Do you have a data-driven strategy? I often see organizations with a non-data-driven strategy. For a strategy professional, it may be an oxymoron to say that a strategy is not data driven, but it is not uncommon. When firms let an emergent strategy become a de-facto strategy, it can often be driven without data. Such an approach uses people’s gut, common sense, anecdotal evidence and complex theories but does not use data. If you do not have a data-driven strategy, your business may be leaving a lot of money on the table.
Data Lovers Vs Data Avoiders
Over the years, I have taught thousands of MBA students and executives across the world. In a strategy training program, we often discuss interesting and sometimes esoteric concepts. People love to talk in generalities until I insist on data. That’s when the group segregates itself into data lovers and data avoiders.
Recently, I was teaching strategy to a group of executives MBA students and nudged them to quantify their thinking. It was hard for them, but this team was keen to learn the art of quantification. So I gave them more exercises to be done overnight. It was an exceptional group who spent hours trying to do the quantitative exercises in strategy. It was gratifying to see that these managers will go back and lead the way for a data driven strategy.
On the other hand, I had the exact opposite experience with a group of managers within the same month. I was facilitating business strategy development for this group of very talented managers. We went though the basic concept of strategy where the group was very active. Unlike MBA classes, client programs involve getting to the application quickly. So I took the group to a place where they needed to define the opportunity space. As soon as they laid out the opportunity space conceptually, the next step was the quantification of the space. When I explained this next step, there was a stunned silence. Where there was a free flowing discussion, hesitation and awkward silence took place. This is not unusual. People often find it hard to make the leap from conceptual understanding to a data-driven decision making.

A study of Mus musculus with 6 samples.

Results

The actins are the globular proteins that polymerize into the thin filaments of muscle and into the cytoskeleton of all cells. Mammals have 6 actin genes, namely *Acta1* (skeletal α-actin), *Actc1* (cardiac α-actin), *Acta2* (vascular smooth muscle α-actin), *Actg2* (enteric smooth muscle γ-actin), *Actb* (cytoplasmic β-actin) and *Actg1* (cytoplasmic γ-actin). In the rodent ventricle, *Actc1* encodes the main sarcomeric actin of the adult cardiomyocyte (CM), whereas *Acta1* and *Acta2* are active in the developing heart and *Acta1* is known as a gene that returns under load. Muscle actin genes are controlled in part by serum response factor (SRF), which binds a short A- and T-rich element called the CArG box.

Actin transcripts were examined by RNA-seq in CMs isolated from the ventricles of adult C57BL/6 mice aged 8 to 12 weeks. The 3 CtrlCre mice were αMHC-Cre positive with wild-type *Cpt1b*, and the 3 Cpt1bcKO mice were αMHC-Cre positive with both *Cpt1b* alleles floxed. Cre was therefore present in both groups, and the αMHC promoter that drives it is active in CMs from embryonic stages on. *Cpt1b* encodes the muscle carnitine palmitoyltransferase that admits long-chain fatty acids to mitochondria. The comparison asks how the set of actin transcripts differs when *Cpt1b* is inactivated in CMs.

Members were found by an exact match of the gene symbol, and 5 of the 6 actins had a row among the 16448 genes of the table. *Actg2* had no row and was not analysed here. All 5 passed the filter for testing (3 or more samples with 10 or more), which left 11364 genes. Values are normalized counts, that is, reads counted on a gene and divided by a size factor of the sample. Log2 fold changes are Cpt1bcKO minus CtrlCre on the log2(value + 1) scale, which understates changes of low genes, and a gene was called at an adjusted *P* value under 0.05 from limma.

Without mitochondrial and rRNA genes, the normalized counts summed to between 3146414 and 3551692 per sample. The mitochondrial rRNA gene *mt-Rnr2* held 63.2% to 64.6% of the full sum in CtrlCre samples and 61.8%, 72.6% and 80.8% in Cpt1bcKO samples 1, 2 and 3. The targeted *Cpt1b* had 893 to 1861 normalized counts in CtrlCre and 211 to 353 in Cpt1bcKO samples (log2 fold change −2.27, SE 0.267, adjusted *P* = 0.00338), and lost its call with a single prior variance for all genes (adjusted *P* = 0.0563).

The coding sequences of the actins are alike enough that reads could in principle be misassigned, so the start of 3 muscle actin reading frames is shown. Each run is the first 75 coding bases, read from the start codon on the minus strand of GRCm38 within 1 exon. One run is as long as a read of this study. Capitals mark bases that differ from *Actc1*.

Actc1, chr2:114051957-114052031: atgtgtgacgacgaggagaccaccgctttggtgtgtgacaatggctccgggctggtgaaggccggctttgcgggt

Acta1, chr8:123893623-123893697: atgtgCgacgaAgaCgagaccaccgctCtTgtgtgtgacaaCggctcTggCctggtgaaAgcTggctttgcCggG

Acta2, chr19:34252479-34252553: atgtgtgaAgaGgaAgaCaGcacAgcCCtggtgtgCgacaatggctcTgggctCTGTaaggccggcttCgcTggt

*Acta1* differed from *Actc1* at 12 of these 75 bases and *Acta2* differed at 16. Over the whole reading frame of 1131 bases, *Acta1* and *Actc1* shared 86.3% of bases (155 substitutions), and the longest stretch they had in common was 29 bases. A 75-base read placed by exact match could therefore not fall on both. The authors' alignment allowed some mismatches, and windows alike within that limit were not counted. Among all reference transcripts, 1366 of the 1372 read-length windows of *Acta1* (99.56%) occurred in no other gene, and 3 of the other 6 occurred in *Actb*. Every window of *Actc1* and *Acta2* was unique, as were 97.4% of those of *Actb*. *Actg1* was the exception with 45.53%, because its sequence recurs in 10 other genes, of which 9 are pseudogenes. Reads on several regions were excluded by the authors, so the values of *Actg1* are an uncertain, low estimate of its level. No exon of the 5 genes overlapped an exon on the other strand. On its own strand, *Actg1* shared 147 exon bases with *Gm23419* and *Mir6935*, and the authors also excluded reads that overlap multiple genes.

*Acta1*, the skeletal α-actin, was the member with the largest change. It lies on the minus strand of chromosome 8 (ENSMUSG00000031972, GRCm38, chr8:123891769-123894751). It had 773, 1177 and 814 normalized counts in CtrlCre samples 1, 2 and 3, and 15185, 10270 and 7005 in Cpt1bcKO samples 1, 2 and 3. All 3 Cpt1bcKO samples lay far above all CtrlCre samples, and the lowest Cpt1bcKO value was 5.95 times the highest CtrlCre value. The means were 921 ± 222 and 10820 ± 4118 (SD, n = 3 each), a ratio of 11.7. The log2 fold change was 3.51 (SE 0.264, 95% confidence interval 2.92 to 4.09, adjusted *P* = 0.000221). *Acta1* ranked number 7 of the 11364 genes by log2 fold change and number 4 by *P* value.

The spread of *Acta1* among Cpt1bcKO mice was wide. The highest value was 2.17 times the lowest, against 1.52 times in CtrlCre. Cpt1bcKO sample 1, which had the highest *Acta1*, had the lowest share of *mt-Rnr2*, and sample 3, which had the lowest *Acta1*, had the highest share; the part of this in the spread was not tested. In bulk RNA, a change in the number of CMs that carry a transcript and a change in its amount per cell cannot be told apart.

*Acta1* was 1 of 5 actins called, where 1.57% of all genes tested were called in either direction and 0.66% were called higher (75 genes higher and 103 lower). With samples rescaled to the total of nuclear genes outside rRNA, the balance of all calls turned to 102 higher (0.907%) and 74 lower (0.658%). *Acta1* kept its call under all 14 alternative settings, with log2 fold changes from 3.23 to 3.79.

Why do people not use a data-driven strategy?
There are two reasons why people often find it hard to take the leap from conceptual decision making to a data-driven decision making. First converting conceptual models into data models is an alien technique for most managers. Second, the skills needed to become adept at data-driven decision making take a little effort to acquire. Take the example of the managers in the group above. Although they wanted to use data-driven strategy techniques, they found it hard to quantify their markets. Unless a third party report provided the needed data, it was hard for them to triangulate market size, growth rates and market shares with ease.
The Art of Quantification
The art of quantification is something that every manager must acquire. Thinking about the business of Starbucks and its value proposition is often interesting. Understanding the customer experience and the value chain can be a gratifying experience. But unless you begin to convert Starbucks’ business into cups of coffee, capacity per establishment, capacity utilization, and value equation you miss the nuances of the Starbuck’s business.
Unless you acquire the art of thinking in quantitative terms, your strategy may have little meat. You may be holding an empty bag with little power to drive impressive business results. You may have a theory driving your strategy. Even if your theory is interesting, without the data, you may have two problems. First, your theory may be wrong. I often see this happen. People explains their business to me with stories and theory, and when I dig into their data, the data fails to support the narrative. This can lead to wrong decisions and a weak strategy. Second, driving a strategy without data means you are driving a car without a dashboard. I don’t have to explain why it may be the most dangerous thing to do.
So do you have a data-driven strategy?